In the scenario described at the top of this article, we’re trying to get back to home plate in 800 overcast and two miles, somewhere in the U.S. It’s a good idea to get an IFR clearance to deal with that low of a ceiling. But what if the ceiling was 5000 overcast, or unlimited, with the same two miles of visibility? You’d still need a clearance to get home, but it doesn’t have to be an IFR.
Enter Special VFR, that kinda-sorta poor man’s IFR a lot of people forget about. It’s an ATC clearance “to enter, leave, or operate within most Class D and Class E surface areas, and some Class B and Class C surface areas,” according to the AIM. The basic weather minima other than for helicopters is one sm visibility and clear of clouds. Between sunset and sunrise, we need an instrument rating and a qualified airplane to conduct SVFR.
An SVFR clearance can be a great tool in hazy, misty weather, especially if you’re remaining in the pattern. But it might be the wrong idea in others; calling Class Bravo International for an SFVR during the morning push likely won’t endear you to anyone, even if it’s allowed there.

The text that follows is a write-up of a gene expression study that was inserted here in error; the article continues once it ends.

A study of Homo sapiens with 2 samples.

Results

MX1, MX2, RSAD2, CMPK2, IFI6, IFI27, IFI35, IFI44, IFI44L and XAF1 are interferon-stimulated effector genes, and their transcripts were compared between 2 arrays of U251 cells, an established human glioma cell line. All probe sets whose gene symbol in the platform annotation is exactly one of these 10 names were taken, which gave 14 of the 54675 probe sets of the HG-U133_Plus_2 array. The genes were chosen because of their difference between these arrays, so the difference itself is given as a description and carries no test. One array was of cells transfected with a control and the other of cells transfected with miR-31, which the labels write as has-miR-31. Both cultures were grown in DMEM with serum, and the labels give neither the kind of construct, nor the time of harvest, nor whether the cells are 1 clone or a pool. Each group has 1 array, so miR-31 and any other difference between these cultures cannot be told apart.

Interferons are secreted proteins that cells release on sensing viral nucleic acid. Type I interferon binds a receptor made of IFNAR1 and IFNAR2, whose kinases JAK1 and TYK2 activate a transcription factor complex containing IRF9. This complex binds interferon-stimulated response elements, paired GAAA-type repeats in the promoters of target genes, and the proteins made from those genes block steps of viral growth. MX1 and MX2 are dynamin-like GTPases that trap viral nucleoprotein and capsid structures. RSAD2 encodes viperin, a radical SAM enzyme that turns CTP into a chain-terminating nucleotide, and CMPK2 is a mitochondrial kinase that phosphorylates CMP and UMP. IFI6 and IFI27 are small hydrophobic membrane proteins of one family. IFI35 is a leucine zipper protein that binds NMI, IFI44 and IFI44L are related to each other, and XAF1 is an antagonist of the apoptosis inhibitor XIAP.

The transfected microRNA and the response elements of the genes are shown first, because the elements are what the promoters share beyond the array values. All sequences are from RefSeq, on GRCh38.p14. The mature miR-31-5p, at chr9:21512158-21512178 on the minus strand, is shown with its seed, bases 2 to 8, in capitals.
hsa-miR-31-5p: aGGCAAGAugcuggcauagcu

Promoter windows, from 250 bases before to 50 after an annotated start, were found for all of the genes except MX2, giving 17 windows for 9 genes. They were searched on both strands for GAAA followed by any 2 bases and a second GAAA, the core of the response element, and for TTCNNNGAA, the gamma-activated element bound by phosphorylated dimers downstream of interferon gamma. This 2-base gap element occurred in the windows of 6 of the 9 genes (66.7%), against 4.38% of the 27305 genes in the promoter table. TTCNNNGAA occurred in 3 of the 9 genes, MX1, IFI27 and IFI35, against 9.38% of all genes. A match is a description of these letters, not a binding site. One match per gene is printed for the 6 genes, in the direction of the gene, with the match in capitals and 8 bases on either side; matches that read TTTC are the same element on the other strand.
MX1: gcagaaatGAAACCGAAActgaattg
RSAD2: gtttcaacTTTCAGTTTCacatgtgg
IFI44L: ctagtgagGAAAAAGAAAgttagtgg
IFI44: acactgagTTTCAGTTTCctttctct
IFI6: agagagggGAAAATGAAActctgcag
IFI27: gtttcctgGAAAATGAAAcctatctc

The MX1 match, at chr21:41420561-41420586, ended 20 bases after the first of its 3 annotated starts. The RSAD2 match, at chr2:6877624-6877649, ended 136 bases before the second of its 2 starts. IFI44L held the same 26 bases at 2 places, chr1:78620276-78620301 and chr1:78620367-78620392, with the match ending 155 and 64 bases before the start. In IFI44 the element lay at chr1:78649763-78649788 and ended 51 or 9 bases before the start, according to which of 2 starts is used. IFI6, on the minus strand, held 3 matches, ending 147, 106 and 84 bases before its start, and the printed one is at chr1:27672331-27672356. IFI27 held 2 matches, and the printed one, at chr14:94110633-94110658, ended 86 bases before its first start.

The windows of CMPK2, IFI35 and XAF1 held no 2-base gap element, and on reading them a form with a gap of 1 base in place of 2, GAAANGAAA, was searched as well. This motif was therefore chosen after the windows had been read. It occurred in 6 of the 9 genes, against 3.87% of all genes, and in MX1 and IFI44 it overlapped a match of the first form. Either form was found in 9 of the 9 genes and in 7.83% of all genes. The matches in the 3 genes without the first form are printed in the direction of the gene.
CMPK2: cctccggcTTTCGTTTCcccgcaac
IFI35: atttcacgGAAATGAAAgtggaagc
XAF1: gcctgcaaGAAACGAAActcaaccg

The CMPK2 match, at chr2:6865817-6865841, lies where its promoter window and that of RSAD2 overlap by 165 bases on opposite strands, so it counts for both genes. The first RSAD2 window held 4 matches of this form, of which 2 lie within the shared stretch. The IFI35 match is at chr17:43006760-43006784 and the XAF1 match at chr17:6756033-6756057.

And thanks to the need to remain clear of clouds under SVFR, we’d want to be a lot higher than sandwiched between an 800-foot-high overcast and terra firma with only two miles’ visibility to get home. In the article’s scenario, grabbing a pop-up IFR clearance and setting up for our preferred GPS approach is the way to go.
We can depart SVFR, too, which can be an option when there’s known good VFR in our intended flight direction, perhaps to an outlying non-towered facility. But departing SVFR when all we have to look forward to is more of the same for several miles hasn’t much future. Best to file or sit it out. There’s no such thing as an emergency takeoff.